Stanford JD/MBA Ari Segal took the “safe route” early on. He graduated from the University of Virginia in 2005, moved to Wall Street with the two-year analyst program at Lehman Brothers, and later became an associate at CCMP Capital. Then, he had a major wake-up call: A childhood friend died in a car accident.
Ari Segal’s friend had done exactly the opposite. “He traveled the world, he played soccer in a bunch of different countries, and through the course of his travels, he realized he had this passion for cooking and was in the process of trying to become a chef,” Segal recalls. “I looked at his life, and I looked at mine, and I said, ‘You know, if, God forbid, something happened to me tomorrow, and I had a chance to reflect on the last five years, would I be satisfied with the choices I made? The answer was, ‘Not really.’”
Since then, Ari Segal has changed the trajectory of his career from Wall Street to his personal passion: sports, particularly hockey. He also completed Stanford’s JD/MBA program in December 2013. His classes, consulting projects, and a 14-month internship with the Anaheim Ducks hockey team confirmed his new career focus.
After graduation, Ari Segal will join McKinsey, where he completed his summer internship. At the consulting firm, Segal will concentrate “a good part of my work in the sports practice there” and on maintaining his consulting affiliation with the New York Islander hockey team. He’s in it for the long haul. “Most people, in my experience, tend to focus a lot—particularly on the MBA side—on, ‘What is my first job after school?’” he says. “It seems so important. Everybody is kind of valued among their peers and by the career management center on the basis of what that first job is. I was instead kind of focused on, ‘Where am I 10 years from now?’”
Still, following his passion hasn’t come without pitfalls. Ari Segal spells out his situation: Tuition at Stanford is about $85,000 a year; he’s been there for more than three years, and his wife did her MBA at Stanford, too. “Yeah, we have a big hill to climb,” he says. But it doesn’t sound like the prospect of paying it off is weighing him down. “There’s no question that it’s a big deal,” he admits. “But for me, someone who wanted to go into the experience with the goal of opening doors—well, if you close doors de facto because of the debt, then aren’t you kind of back where you started?”
I always knew that I wanted to do something in sports. How did I know that? Every day when I wake up, the first thing I do is go on ESPN.com, and the last thing I do before I go to bed is go on ESPN.com—and frankly, not that much changes between 8:00 a.m and 12:00 a.m.
I started my career off on Wall Street, though. I went to the University of Virginia, and when I reached the end of college, I felt burnt out of school. I was looking for a new challenge. A bunch of my friends had interned on Wall Street the summer before our last year; I quickly figured out that the two-year analyst program at Lehman Brothers was a really great fit for someone like me—someone who didn’t have any real background in finance, accounting, or, frankly, business generally. I figured that if I put a lot into it, I would come out with a solid initial grasp of a lot of those concepts, and that it would be nothing but door-opening.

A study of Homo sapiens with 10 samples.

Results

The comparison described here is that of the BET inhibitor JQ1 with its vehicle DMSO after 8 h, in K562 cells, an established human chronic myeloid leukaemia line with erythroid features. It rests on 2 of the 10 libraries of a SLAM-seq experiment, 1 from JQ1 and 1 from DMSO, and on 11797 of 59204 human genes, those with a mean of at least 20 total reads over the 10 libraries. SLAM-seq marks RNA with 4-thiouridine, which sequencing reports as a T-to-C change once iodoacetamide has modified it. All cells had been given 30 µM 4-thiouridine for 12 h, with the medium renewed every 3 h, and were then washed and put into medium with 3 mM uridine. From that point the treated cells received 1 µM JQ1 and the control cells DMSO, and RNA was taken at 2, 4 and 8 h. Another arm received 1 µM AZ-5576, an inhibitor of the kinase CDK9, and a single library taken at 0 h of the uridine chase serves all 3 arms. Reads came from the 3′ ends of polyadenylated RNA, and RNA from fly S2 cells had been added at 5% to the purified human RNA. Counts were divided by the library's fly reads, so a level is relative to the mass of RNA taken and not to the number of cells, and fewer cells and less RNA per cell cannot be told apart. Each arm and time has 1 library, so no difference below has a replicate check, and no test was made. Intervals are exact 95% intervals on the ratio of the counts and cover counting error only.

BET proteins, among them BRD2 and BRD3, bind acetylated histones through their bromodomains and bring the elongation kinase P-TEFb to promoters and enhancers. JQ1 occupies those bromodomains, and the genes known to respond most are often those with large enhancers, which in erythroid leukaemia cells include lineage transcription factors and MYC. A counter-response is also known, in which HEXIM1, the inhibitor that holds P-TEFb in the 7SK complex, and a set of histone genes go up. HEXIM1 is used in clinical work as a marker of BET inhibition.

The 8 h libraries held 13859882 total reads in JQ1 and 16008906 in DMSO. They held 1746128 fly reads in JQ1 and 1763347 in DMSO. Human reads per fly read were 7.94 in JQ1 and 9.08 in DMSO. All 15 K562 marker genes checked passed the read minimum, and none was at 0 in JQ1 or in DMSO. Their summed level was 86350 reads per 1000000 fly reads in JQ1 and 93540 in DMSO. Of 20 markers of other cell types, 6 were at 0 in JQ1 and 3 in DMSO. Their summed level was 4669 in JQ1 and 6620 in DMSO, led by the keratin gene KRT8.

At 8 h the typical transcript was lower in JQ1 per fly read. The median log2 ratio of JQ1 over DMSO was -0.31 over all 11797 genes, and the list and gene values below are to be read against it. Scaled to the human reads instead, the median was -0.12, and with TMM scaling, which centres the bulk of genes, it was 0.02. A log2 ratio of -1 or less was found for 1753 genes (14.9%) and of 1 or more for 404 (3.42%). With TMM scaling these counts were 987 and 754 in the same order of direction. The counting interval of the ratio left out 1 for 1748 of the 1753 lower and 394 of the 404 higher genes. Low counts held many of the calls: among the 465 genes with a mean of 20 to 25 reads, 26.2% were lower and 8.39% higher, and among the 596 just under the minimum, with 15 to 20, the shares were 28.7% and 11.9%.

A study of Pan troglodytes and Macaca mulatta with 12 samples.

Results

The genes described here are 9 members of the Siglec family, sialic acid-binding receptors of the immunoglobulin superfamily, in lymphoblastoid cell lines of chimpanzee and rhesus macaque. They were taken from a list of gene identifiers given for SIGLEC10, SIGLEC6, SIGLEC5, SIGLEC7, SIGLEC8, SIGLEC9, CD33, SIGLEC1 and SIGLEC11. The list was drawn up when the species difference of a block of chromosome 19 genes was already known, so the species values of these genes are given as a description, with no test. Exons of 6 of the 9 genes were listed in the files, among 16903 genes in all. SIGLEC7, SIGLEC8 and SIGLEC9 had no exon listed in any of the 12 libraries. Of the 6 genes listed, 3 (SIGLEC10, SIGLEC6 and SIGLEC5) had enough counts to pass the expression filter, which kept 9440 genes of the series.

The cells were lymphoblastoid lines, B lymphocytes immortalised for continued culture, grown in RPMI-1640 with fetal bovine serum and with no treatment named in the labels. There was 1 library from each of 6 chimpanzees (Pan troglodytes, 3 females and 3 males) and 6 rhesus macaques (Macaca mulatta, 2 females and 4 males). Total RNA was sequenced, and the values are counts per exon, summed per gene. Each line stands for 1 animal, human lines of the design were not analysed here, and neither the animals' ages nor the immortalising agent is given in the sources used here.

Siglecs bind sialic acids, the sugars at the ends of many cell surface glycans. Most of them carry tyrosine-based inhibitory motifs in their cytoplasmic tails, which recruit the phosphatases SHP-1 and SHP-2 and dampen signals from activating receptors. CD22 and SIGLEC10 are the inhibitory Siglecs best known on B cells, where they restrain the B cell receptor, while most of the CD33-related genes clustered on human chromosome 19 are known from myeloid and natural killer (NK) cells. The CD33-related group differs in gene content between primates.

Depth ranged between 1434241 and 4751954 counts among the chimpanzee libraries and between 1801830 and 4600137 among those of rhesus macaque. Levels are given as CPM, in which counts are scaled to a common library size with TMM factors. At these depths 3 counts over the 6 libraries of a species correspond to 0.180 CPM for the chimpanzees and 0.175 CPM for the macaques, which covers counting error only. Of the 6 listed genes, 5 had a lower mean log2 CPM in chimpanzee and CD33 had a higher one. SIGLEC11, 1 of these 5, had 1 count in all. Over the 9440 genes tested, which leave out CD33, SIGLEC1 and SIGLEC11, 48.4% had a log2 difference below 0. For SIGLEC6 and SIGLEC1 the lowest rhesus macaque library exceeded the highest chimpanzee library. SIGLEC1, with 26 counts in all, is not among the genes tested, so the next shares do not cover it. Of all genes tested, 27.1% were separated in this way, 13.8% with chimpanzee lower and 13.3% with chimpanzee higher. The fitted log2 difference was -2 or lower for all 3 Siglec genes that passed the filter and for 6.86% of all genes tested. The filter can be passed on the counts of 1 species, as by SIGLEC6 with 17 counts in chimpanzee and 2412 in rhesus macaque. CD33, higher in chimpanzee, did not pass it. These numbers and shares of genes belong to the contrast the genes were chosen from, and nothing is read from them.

As promised, predicted, and hoped, the Lehman Brothers program did open doors. 2005 to 2007 was a really exciting time to be doing leveraged buyout banking. Credit was really cheap, and the economy was—at least in the beginning—growing very rapidly. I was given a lot of responsibility really quickly. It was kind of just an all-hands-on-deck environment.
Still, it was a mixed bag. You get caught in a vicious cycle where the more effective you are, the more people want you to work on their projects, and the more work and responsibility you get. At some point, it becomes too much to handle effectively, and so you’re constantly burdened, and burdened, and burdened, and the bar keeps getting raised. About halfway through my banking program, I met the girl who’s now my wife, and as my priorities shifted, the lifestyle became less appealing.
But it wasn’t just the hours. It was also the idea that when you enter one of these two-year programs, the default assumption on both sides is that you leave after two years, because the vast majority of people do. As a result, they have less of an incentive to invest in you. I did go in a different direction after my two years were up—I became an associate at CCMP Capital—but I’ve maintained a tremendous number of relationships with people at Lehman Brothers.
During my time on Wall Street, I never thought about going to law school instead of business school. Initially, I was just applying to MBA programs. I came from this very traditional liberal artsy background, and I’d acquired a bunch of different layers of understanding about business through a trial-by-fire process. But this was a very in-the-weeds experience. I wanted the space to understand all the academic fundamentals.
Still, all corporate transactions take place under a legal umbrella, and I began to see that the lawyers were able to come in and add value at a time where, in many cases, the finance people’s understanding stopped. As I went through the early stages of my career, I began to put more and more of a premium on the legal skillset. I decided that even if I’m not the person who’s practicing law directly, I’d still like to have a little bit of a perspective and understanding about what that person’s bringing to the table.
While looking at Kellogg, I found out about Northwestern’s three-year JD/MBA program. I applied, got in, and wound up having to choose between the JD/MBA at Northwestern and the MBA at Stanford’s Graduate School of Business (GSB). I made the riskier decision: I committed to GSB and decided to apply to Stanford Law School (SLS) while I was there.
Comments or questions about this article? Email us.